With last year’s record lithium prices spurring a boom in exploration for the energy metal that has persisted even as prices have retreated, The Northern Miner was curious where in Canada that activity is being channelled and who’s behind it.
To get a wide view on exploration activity, we turned to our sister company Mining Intelligence.
According to Mining Intelligence data, there are 409 active lithium projects in Canada, including very early stage properties where little work has been done (145 or 35% of the total).
Advanced projects with a significant amount of drilling, a resource, or any stage of economic study, construction or production) account for 106 or just over one quarter (25.9%) of the total.
Here’s a look at all projects by stage.
Quebec, which has had some historical production of lithium, by far hosts the greatest number of active lithium projects. Sayona Mining (ASX: SYA) and 25% partner Piedmont Lithium (NASDAQ: PLL; ASX: PLL) just restarted commercial spodumene production at the North American Lithium (NAL) project in Quebec last month.
The mining and exploration friendly province accounts for almost half of lithium exploration projects in the Mining Intelligence database. By comparison, Ontario, which has the second highest count, has just over a quarter of the total number of projects.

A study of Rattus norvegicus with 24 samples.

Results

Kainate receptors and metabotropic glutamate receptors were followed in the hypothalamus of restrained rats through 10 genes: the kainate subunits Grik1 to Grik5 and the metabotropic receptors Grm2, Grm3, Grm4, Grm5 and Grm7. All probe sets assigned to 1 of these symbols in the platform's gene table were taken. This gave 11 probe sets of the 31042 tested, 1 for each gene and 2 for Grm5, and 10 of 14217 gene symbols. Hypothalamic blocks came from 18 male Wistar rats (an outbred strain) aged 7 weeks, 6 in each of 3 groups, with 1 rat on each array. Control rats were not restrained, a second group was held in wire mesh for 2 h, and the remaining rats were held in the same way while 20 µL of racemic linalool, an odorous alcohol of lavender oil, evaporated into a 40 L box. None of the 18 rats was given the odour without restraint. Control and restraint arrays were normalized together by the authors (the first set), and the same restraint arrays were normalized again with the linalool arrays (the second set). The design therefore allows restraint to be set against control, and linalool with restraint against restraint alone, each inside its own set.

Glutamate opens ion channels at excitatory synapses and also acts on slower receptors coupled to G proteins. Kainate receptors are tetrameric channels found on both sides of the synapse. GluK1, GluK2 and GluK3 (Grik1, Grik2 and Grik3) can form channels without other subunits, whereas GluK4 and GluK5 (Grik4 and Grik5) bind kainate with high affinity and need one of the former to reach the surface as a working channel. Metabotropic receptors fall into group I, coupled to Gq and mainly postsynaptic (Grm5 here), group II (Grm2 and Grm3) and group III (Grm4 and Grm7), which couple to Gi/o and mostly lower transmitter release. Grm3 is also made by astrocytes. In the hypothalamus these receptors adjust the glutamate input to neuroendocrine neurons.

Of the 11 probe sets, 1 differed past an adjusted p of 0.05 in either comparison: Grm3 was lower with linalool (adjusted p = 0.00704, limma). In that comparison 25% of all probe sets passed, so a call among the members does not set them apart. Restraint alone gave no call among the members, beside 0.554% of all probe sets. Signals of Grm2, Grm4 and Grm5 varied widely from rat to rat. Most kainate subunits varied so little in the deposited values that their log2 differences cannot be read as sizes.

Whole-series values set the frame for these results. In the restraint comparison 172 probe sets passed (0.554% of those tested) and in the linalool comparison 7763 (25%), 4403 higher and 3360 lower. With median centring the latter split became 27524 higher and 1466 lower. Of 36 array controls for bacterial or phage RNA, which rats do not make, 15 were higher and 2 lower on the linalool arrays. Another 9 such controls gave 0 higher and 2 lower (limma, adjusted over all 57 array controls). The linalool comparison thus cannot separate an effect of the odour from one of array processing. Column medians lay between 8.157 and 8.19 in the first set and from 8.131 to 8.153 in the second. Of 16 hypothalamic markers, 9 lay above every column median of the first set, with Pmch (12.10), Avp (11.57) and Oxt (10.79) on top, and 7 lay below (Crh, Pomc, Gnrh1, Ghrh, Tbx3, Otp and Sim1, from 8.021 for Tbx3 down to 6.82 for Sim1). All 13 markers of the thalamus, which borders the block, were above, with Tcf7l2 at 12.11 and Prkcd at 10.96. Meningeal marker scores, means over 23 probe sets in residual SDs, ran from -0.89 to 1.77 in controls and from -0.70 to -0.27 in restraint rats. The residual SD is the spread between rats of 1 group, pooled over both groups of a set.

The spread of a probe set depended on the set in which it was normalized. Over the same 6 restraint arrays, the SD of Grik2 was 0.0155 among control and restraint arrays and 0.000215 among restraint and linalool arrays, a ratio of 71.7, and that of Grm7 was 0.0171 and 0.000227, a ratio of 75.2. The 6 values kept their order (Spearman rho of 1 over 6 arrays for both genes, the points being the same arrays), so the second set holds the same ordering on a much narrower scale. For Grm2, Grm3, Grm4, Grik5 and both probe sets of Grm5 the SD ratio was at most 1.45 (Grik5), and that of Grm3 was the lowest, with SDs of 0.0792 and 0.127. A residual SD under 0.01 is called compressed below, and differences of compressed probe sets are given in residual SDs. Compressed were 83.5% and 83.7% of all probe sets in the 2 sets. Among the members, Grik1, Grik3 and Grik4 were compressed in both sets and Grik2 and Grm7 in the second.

The “other” category in the pie chart below includes 10 projects in the Northwest Territories, two in Nunavut, three in B.C., and six each in Newfoundland and Nova Scotia, with New Brunswick counting just one.
The vast majority of Canada’s lithium projects — 86% — are held by Canadian-based companies. Australians hold close to 13%. Given Australia’s status as the world’s top lithium producer as well as its strength in mineral exploration, it’s no surprise to see that when we look at a subset of more advanced projects (37 in total), the share held by Canadian companies falls to 58% while the share held by Australian companies rises to 36%.
In Quebec, these include the NAL mine plus two other feasibility-stage projects held by Sayona (Authier and Moblan); Allkem’s (TSX, ASX: AKE) James Bay project; Critical Elements Lithium’s (TSXV: CRE) Rose project; Livent’s (NYSE: LTHM) 50%-owned Whabouchi project; and Vision Lithium’s (TSXV: VLI) PEA-stage Sirmac project.
In Ontario, they include Rock Tech Lithium’s (TSXV: RCK) prefeasibility stage Georgia Lake; Frontier Lithium’s (TSXV: FL) PEA-stage PAK project, Green Technology Metals’ (ASX: GT1) Seymour; Avalon Advanced Materials’ (TSX: AVL) Separation Rapids; Gossan Resources’ (TSXV: GSS) Separation Rapids (Paterson Lake); and Critical Resources’ (ASX: CRR) Mavis Lake.
Other advanced projects include E3 Lithium’s (TSXV: ETL) Bashaw prefeasibility stage lithium brine project, and LithiumBank Resources’ (TSXV: LBNK) Boardwalk lithium brine project, both in Alberta; the Tanco mine in Manitoba, held by China’s Sinomine; and Grounded Lithium’s (TSXV: GRD) PEA-stage Kindersley brine project in Saskatchewan.
Another way to look at ownership of active projects is by option agreements. According to MI data, options are held on 153 lithium projects, with the vast majority (over 72%) held by Canadian companies, just over 25% held by Australian companies, and 2% held by U.K.-based outfits.